The voice of lived experience in the Mental Health Act White Paper
Early in 2021, Rethink Mental Illness were pleased to be commissioned by the Department of Health and Social Care to undertake engagement with two distinct groups of people, in order to feed into the Mental Health Act White Paper. These two groups were people who had previously experienced detention under the Mental Health Act, and people who are currently detained under it. Our Policy Manager, Will Johnstone, explains a bit more about what this engagement found.
In order to speak to as many people as we could, and in as Covid-safe a manner as possible, we conducted online engagement groups. We created a panel of paid experts-by-experience to help us to translate the technical questions posed in the White Paper into accessible language, and to help shape the project throughout. We also asked YoungMinds to help by engaging children and young people with experience of detention under the Act, and have included a summary of their findings in the ‘Previously Detained’ report.
We held 23 sessions and engaged 106 people across both of these groups, and their experiences with the Mental Health Act have shaped the two reports which we are publishing today.
Our main findings surprised us, and demonstrate the value of thorough engagement on complex policy issues like the White Paper:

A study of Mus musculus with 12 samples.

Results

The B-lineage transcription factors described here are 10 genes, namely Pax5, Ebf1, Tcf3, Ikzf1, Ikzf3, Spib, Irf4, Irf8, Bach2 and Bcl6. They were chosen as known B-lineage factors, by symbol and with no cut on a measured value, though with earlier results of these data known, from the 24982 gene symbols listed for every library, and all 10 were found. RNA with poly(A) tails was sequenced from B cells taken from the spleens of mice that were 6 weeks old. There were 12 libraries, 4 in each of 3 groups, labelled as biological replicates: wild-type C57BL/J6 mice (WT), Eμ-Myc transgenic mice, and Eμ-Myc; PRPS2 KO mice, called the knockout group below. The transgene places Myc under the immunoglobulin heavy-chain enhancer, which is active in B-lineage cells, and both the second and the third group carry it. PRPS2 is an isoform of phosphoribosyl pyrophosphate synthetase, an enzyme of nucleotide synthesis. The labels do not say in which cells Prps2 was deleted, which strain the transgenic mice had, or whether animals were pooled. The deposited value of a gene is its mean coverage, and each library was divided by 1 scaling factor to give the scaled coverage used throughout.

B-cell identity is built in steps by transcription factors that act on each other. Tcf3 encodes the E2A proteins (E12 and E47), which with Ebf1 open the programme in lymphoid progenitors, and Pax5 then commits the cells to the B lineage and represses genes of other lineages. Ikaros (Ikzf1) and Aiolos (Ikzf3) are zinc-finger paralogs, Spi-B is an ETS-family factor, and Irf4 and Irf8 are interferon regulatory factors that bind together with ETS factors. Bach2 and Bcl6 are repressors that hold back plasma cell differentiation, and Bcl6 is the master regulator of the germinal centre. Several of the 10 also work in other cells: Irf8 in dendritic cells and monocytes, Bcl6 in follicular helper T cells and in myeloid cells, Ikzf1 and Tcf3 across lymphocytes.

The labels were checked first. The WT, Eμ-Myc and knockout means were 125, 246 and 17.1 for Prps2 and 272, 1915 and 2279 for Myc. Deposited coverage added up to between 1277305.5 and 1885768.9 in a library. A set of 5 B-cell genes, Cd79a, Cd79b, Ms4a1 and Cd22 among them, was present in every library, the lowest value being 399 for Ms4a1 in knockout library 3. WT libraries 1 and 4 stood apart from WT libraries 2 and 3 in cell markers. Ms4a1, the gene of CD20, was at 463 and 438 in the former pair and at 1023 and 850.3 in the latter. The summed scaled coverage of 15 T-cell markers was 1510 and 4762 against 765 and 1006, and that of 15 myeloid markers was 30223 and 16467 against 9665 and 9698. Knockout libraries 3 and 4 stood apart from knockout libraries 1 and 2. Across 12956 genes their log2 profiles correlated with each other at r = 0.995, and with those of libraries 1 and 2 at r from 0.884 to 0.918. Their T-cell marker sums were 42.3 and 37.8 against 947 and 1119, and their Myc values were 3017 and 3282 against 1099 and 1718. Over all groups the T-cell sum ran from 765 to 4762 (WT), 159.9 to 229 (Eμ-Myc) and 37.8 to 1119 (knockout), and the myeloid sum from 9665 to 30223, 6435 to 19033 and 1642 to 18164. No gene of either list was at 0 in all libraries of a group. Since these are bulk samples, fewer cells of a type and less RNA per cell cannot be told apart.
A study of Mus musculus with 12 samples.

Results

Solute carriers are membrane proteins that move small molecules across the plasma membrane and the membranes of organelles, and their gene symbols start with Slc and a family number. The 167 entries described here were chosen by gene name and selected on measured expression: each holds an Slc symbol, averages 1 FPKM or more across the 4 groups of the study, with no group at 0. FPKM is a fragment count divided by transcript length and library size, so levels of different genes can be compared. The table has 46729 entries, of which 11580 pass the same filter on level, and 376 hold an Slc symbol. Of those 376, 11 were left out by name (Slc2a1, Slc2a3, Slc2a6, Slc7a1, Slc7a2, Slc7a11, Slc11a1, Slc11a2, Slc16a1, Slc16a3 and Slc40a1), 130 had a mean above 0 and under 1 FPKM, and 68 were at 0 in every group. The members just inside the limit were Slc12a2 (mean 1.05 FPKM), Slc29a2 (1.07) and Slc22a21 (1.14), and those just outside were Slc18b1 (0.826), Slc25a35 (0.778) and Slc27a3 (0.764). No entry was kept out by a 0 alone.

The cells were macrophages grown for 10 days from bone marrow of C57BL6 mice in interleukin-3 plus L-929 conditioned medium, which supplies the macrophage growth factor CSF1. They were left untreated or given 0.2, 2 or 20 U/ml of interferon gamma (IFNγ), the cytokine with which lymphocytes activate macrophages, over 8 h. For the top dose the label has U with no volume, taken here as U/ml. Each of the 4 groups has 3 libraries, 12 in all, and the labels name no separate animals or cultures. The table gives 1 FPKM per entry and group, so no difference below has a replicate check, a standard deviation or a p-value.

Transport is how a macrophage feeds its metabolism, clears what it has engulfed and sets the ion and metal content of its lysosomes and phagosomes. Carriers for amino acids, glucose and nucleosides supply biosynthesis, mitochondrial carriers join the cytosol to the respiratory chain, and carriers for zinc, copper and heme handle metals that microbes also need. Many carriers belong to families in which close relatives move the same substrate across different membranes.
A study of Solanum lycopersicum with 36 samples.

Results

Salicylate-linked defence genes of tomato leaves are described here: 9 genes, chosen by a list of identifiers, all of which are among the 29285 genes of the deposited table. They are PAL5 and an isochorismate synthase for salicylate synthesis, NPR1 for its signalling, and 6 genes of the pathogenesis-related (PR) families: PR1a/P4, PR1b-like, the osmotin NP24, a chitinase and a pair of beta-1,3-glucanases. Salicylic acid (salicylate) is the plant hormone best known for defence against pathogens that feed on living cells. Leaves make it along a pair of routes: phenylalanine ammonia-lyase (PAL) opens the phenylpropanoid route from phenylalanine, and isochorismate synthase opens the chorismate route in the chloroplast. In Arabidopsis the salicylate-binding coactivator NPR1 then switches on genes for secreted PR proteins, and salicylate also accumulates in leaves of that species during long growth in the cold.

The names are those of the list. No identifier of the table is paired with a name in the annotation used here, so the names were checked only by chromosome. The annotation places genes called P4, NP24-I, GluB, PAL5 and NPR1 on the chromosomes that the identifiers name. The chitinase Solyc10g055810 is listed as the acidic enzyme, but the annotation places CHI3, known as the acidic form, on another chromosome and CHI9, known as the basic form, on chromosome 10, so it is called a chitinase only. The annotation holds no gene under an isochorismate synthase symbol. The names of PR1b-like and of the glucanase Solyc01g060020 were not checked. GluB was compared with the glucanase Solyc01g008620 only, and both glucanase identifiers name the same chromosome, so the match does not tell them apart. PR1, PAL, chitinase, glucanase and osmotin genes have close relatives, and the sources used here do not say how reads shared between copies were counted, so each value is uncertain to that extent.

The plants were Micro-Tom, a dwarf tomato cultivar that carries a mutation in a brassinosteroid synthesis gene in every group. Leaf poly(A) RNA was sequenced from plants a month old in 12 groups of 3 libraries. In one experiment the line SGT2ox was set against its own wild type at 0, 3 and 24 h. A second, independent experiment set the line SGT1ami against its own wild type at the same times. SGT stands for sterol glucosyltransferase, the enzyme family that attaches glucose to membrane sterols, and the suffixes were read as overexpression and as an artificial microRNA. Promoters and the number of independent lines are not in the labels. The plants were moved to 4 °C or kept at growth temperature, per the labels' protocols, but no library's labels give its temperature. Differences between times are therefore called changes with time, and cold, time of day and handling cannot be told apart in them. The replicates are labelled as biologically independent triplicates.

• We found high levels of support for most of the White Paper proposals.
• Both in terms of the general direction of travel (enhancing choice and involvement) and the specific proposals to achieve change.
• This support was balanced with high levels of scepticism that the ambition will be realised, and that meaningful reform to the Act is even possible.
That scepticism tended to stem from the many negative experiences people had experienced while detained under the Mental Health Act – ranging from a lack of therapeutic care to being discharged too early, with significant consequences. You can read about these experiences and the suggested changes to the Mental Health Act in these reports, or our organisational response.
This research also reinforced the importance of the NHS Long Term Plan in transforming community mental health services to prevent detentions from happening in the first place.
This research also reinforced the importance of the NHS Long Term Plan in transforming community mental health services to prevent detentions from happening in the first place. The publication of these reports is another step in the path towards reform of the Mental Health Act. The Department of Health and Social Care has taken these reports and our findings into account in assembling their recent response to the White Paper consultation, and committed to bringing forward legislation when Parliamentary time allows.
We will be listening to the experiences of people with direct experience of the Mental Health Act, and sharing their views and perspectives on what needs to change as we campaign for the reform of the Act, and look forward to bringing you further updates as this work progresses.